Good manners cost nothing

Photo: iStock.com/George Marks

As adults, we should all take our responsibility as role models very seriously. Julie Robinson of ISC explores the challenges of being a role model and why teaching good manners is vital.

Back in July, the media reported that Prince Harry had found inspiration through the birth of his son to be the best possible role model. He was speaking at an event to mentors and highlighted the power of 'the invisible role model' and how you can inspire others '...to be kinder, better, greater, more successful' and have more of an impact.

As adults, we should take our responsibility as role models very seriously because we can see the effect that cultural norms have on the young and impressionable. Which parent hasn't experienced a sudden realisation that their toddler is mirroring back their own behaviours (in my case, pacing back and forth with a plastic phone pressed to her ear)? We all know that the moment a parent lets slip an expletive within a five mile radius of a child, that child will absorb it. They will then relish the chance to repeat it in polite company at an embarrassing moment, forcing us to create a narrative explaining the unfortunate vocabulary.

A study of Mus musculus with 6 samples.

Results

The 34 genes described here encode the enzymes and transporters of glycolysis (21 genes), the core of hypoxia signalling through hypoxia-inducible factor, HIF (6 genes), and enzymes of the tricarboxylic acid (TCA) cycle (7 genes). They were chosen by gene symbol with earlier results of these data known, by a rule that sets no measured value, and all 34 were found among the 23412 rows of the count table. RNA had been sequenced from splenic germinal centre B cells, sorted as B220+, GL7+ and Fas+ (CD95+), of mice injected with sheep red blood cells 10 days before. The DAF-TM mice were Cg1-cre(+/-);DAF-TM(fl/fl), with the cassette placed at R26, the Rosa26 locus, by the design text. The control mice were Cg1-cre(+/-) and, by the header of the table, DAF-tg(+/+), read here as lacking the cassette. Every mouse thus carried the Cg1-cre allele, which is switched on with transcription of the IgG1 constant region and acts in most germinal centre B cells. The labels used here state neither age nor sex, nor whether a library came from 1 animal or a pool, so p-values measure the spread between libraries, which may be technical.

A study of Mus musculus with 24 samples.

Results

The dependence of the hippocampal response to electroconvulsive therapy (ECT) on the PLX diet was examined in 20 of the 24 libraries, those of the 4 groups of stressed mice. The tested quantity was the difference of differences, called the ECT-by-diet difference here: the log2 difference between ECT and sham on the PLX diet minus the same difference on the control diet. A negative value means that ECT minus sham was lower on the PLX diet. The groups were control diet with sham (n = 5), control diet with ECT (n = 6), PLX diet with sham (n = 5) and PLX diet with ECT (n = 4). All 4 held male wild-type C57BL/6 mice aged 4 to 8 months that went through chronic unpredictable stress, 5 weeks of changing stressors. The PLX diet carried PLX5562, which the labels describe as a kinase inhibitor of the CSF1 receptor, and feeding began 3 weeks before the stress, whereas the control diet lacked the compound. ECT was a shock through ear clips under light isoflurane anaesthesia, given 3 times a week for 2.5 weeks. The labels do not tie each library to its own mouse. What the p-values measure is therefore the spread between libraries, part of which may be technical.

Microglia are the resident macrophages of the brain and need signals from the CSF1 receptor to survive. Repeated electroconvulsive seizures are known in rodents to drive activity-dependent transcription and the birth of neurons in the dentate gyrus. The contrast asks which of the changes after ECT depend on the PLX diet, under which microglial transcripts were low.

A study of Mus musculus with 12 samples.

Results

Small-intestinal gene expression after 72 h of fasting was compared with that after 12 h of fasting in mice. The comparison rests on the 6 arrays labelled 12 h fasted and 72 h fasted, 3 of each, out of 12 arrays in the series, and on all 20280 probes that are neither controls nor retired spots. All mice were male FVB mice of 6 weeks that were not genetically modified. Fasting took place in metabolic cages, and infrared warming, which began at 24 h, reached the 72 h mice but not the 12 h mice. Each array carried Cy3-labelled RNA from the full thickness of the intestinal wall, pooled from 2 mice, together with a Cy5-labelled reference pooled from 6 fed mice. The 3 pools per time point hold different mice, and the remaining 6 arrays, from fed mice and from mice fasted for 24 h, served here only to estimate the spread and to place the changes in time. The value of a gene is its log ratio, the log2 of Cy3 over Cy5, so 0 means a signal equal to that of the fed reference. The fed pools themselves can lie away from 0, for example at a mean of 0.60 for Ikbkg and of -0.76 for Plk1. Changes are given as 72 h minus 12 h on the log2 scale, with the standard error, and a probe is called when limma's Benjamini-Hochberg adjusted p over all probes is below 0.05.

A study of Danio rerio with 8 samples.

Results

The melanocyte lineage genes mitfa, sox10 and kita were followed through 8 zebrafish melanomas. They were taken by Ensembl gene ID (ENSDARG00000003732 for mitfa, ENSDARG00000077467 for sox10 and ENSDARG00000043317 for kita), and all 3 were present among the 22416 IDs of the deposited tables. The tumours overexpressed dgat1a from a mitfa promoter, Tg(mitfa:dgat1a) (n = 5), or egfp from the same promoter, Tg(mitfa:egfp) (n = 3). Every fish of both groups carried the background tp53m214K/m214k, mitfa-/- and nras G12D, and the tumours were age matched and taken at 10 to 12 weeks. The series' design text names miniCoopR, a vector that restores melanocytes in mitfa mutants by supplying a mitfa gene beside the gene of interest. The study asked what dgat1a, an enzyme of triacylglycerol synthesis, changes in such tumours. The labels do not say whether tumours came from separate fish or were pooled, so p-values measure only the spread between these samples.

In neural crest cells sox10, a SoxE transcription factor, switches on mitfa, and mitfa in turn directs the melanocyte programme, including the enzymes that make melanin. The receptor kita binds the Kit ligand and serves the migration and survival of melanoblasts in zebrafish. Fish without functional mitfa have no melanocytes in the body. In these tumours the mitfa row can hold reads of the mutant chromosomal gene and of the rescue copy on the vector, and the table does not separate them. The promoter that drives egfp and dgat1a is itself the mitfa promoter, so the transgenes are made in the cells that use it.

Mimicking the behaviours of our family and friends is a move towards acceptance into the tribe and one assumes that habits of speech, behaviour and habits of mind are all absorbed in the increasingly socially-aware youngster. Those of us with teenagers know only too well that as puberty kicks in, peer behaviour becomes the priority-influence, so the prep school years are therefore the time to inculcate good manners. This way, our children can follow in wholesome footsteps and at the very least know how they should behave, even if, for a few lost teenage years, they feel the need to experiment with rebellion.

Julie Robinson is Chief Executive Officer of the Independent Schools Council (ISC).